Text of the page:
The Shulchan Aruch (Y”D 266) states that when a baby is born during the time known as bein hashmashos (twilight zone – a time which is halachically unclear if it is still day or it is already considered night and the halachic beginning of the next day), the bris should take place on the 9th day. For example: a baby is born on Tuesday evening and we are unsure if it was halachically yom shlishi (Tuesday) – and the bris should take place on the following Tuesday, or it was already leil reviyi (Tuesday night) – and the bris should take place on the following Wednesday. Since we are in doubt, the halachah dictates that the bris should take place on the following Wednesday, because it is better for a bris to be performed on the 9th day than on the 7th day.
When is Bein Hashmashos?
In order to understand this subject of bein hashmashos properly it is essential to have a basic understanding and background of the various opinions of bein hashmashos.
The Gemara in Psachim 92 a states that from sunset until the stars come out is equivalent to the time that it takes the average person to walk 4 mil. (A mil is a halachic mile and is somewhat less than a mile). Many poskim assert that it takes 18 minutes to walk a mil, which means that – according to this Gemara in Peschim – the stars come out at 72 minutes after sunset, and that is the time of the halachic commencement of night. Thus, according to this Gemara it would seem that night begins at 72 minutes after shkiah.
However, the Gemara in Shabbos (34b) seems to say otherwise. The Gemara there states that the time period from sunset until nightfall (known as bein hashmashos) is 3/4 of a mil, which based on the aforementioned formula (mil = 18 minutes) would be: 3/4 of a mil = 13 and 1/2 minutes. Thus, it would seem from the Gemara in Shabbos that night is at 13 and 1/2 minutes after sunset.
There are two basic ways to reconcile this apparent contradiction. Tosfos quotes the famous opinion of Rabeinu Tam, who explains that there are two shkios. There is the physical setting of the sun under the horizon, which has little halachic ramifications; even after sunset it is still day. The second shkiah (the halachic sunset) takes place when the rays of the sun start to disappear from the horizon. That takes place at 3 and 1/4 mil (58 and 1/2 minutes after sunset), which is the beginning of bein hashmashos (halachic twilight) and continues until 72 minutes, which is when the stars come out and the night begins.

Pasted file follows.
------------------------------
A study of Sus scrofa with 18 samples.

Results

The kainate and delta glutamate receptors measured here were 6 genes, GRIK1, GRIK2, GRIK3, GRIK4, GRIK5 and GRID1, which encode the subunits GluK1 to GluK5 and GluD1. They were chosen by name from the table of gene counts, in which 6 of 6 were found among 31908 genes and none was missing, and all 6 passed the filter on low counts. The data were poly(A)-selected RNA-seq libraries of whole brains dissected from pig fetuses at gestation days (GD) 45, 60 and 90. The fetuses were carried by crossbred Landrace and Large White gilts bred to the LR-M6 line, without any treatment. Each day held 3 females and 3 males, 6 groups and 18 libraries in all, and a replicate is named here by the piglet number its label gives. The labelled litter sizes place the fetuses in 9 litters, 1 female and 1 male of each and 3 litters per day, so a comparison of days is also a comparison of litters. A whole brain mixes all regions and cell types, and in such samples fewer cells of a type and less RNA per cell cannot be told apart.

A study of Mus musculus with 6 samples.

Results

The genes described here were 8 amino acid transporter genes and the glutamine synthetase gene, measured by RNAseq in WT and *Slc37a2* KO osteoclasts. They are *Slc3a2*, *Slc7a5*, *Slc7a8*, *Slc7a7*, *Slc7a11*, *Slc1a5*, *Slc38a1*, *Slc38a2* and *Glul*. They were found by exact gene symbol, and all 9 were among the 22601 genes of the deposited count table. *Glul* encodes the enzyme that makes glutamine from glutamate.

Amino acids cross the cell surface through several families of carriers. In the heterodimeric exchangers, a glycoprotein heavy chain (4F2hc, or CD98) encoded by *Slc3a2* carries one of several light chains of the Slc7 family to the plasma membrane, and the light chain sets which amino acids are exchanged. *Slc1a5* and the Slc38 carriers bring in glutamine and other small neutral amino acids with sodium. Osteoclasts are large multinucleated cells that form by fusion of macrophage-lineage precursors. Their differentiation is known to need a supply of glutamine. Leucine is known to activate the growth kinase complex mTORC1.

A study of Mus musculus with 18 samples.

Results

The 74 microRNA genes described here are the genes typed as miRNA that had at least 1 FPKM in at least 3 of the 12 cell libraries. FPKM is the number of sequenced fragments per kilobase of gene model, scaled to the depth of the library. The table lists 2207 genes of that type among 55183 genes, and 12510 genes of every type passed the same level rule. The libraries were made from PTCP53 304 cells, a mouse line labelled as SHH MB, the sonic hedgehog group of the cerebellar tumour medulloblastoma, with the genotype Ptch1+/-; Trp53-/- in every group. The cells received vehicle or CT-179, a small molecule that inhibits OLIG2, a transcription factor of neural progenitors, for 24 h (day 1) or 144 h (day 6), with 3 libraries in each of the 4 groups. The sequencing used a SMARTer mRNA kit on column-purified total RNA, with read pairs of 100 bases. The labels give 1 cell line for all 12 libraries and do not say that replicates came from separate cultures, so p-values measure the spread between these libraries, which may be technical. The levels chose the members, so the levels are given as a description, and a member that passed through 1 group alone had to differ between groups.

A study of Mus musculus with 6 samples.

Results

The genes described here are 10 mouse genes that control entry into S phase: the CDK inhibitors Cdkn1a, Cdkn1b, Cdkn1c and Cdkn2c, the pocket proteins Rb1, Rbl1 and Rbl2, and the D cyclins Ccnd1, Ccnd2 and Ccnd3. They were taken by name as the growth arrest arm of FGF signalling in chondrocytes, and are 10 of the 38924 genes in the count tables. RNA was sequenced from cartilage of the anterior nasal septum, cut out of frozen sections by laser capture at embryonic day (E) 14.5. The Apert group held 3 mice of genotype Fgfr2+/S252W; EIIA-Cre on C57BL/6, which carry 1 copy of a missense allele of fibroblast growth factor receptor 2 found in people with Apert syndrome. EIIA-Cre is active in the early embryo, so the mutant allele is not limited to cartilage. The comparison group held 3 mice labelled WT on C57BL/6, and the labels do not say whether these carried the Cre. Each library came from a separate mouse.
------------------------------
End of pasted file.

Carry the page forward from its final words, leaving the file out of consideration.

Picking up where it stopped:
However, the Geonim (who lived over 1000 years ago, prior to the Rishonim) – as well as the Vilna Gaon, who strongly concurs with their opinion – explain that the sun setting under the horizon is, indeed, the commencement of the halachic twilight (bein hashmashos) and continues for 3/4 of a mil (13 and 1/2 minutes), which is when it is considered halachically night. They explain that the Gemara in Pesachim that gives the number of 4 mil, is referring to the time when all of the stars came out; but the halachic night starts much earlier. The Gra points out that this time frame will not hold true for every locale: it is only in Eretz Yisroel, or similar latitudes, where it does get dark so early. However, in Northern countries, such as Lithuania – where the Gra lived – or in the USA, the stars come out – and the night commences – somewhat later.
As far as which stars are the ones that tell us that it is halachically night, it is essentially enough to have middle-size stars. However, since it is hard for people to distinguish what is considered middle-size, we, therefore, require for mitzvos min-hatorah to have small stars.
By Rabbi Nachum Scheiner,
Rosh Kollel Ohr Chaim, Mohel Mumcheh
Rabbi Nachum Scheiner of Bais Medrash Ohr Chaim has been raising the bar of Torah learning with great success throughout the Monsey community. Rabbi Scheiner heads the Kollel Boker, the Evening Kollel, the Sunday morning Halacha Chabura, Yeshivas Bein Hazmanim, Yarchei Kallahs on legal Holidays, and the Friday morning Shovavim Learning.